Earlier today, NBC reported, and the New York Times confirmed, that the United States conducted a “covert” cyber operation against an Iranian ship in the Red Sea, the MV Behshad, over a week ago. The MV Behshad is a merchant vessel registered to the Rahbaran Omid Darya Ship Management Company. It is believed to have been used by Iran’s Islamic Revolutionary Guard Corps to provide the Houthis with real-time intelligence to guide strikes on ships transiting the Red Sea. 

Unnamed U.S. officials are reported to have described the operation as aimed at inhibiting the ship’s “ability to share intelligence with Houthi rebels in Yemen,” who have been attacking mostly cargo ships in the Red Sea since November and have vowed to do so until Israel ceases military operations against Hamas in Gaza. The officials also said, however, that the U.S. operation was “part of the Biden administration’s response to the drone attack by Iranian-backed militias in Iraq that killed three U.S. service members in Jordan late last month and wounded dozens of others [at Tower 22].”

Here are a few key questions to address as more details emerge: 

What was the nature of the “cyber attack”? “Cyber attack” can mean many different things – the specific facts of any cyber operation matter, both in terms of legal and policy implications. Was this a simple jamming operation that interfered with transmission of information? Or another type of cyber operation that would likely fall below the threshold of a use of force (perhaps deleting or modifying data, which could potentially explain the Houthis’ seemingly errant attack last week on a cargo ship bound for Iran)? If the operation did not constitute a use of force, did it violate any other potentially applicable international laws (such as duties related to sovereignty and non-intervention) and, if so, was the operation viewed by the United States as a lawful countermeasure – an otherwise unlawful action short of armed force that is designed to induce compliance with international law on the part of a breaching state? 

If a use of force, was it necessary in self-defense? If the operation rose to the level of a use of force (possibly by permanently destroying infrastructure on the Iranian ship, although this seems unlikely based on what has been reported to date), it would of course not be a lawful act of self-defense in response to the attack on Tower 22 in Jordan. Instead, it is clearly related to Houthi attacks on shipping in the Red Sea. U.S. officials have reportedly said “Iran uses the ship to provide targeting information to the Houthis so their attacks on the ships can be more effective.“ What is the relationship between the “Iranian spy ship” and Houthi attacks on vessels in the Red Sea? Does the United States believe Iran bears State responsibility for the Houthi attacks?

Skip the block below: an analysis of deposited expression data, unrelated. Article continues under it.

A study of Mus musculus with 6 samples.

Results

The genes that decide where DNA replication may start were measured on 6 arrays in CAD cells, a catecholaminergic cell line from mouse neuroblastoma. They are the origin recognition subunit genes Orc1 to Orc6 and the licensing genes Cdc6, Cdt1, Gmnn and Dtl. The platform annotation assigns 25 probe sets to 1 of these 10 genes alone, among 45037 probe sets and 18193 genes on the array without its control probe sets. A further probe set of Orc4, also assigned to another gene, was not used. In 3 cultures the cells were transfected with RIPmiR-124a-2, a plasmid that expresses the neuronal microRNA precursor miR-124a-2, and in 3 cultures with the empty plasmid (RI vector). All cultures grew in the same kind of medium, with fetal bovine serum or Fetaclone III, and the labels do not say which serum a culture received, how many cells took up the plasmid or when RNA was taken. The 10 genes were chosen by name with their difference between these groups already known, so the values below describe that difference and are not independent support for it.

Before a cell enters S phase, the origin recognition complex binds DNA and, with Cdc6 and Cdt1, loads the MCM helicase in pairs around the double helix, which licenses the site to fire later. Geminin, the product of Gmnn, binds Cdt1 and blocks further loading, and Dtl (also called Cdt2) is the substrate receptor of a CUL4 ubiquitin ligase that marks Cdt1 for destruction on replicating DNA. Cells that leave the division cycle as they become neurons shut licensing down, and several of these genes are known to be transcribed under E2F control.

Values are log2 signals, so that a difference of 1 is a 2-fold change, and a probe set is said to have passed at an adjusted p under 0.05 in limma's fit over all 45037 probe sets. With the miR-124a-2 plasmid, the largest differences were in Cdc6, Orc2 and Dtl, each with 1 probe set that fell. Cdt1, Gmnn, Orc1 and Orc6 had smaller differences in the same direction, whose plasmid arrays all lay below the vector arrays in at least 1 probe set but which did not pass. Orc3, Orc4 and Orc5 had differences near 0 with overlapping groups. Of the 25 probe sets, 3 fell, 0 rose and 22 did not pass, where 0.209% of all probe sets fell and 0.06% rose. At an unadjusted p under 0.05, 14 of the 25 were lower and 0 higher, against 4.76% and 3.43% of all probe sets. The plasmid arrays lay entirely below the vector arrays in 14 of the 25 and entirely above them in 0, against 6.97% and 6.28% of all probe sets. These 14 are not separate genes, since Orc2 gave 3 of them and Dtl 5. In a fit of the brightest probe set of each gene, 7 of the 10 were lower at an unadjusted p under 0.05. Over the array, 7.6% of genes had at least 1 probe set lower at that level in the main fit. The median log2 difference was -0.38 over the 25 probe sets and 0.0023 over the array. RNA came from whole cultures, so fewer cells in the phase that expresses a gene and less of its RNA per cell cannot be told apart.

How is Iran likely to respond? Iran has been vocal about the MV Behshad in the past two weeks, stressing that it would retaliate for an attack on the ship. In a video posted on its Telegram channel on Feb. 11, the Iranian Army claimed the MV Behshad was engaged in a mission to “counteract piracy” in the Red Sea and the Gulf of Aden. The video urged the United States not to attack, warning that “those engaging in terrorist activities against the MV Behshad or similar vessels, jeopardize international maritime routes, security and assume global responsibility for potential future international risks.” Iran has a large cyber arsenal that includes an ability to conduct sophisticated data deletion and Supervisory Control and Data Acquisition (SCADA) attacks on critical infrastructure, capabilities that could be deployed against U.S. ships or military assets in the region. 

What are the implications for potential conflict escalation – or de-escalation – with Iran? U.S. and Iranian redlines in cyberspace are unclear, and even non-lethal cyber attacks may have unintended consequences. Signaling in cyberspace is notoriously complex, and it is difficult to predict and control the impact of malware, for example, once it has been released (the Stuxnet virus that targeted Iranian nuclear facilities at Natanz, for example, also infected computers around the world, including at U.S. oil refineries). 

It is striking that the unnamed U.S. officials framed the operation as a response to the attack on Tower 22 in Jordan carried out by Iran-backed militia groups in that region, as opposed to part of its efforts to protect against Houthi attacks on vessels in the Red Sea. The common denominator is a level of Iranian involvement, although precisely what level is unclear. If this operation was intended to signal to Tehran that the United States holds Iran accountable for the actions of both sets of non-state actors, and will respond in kind, does it increase the likelihood of direct confrontation between U.S. and Iranian armed forces? Alternatively, if the operation fell below the level of a use of force (which again, seems quite plausible based on what has been reported thus far), does it signal potential room for de-escalation through the use of non-kinetic and non-lethal levers of coercion?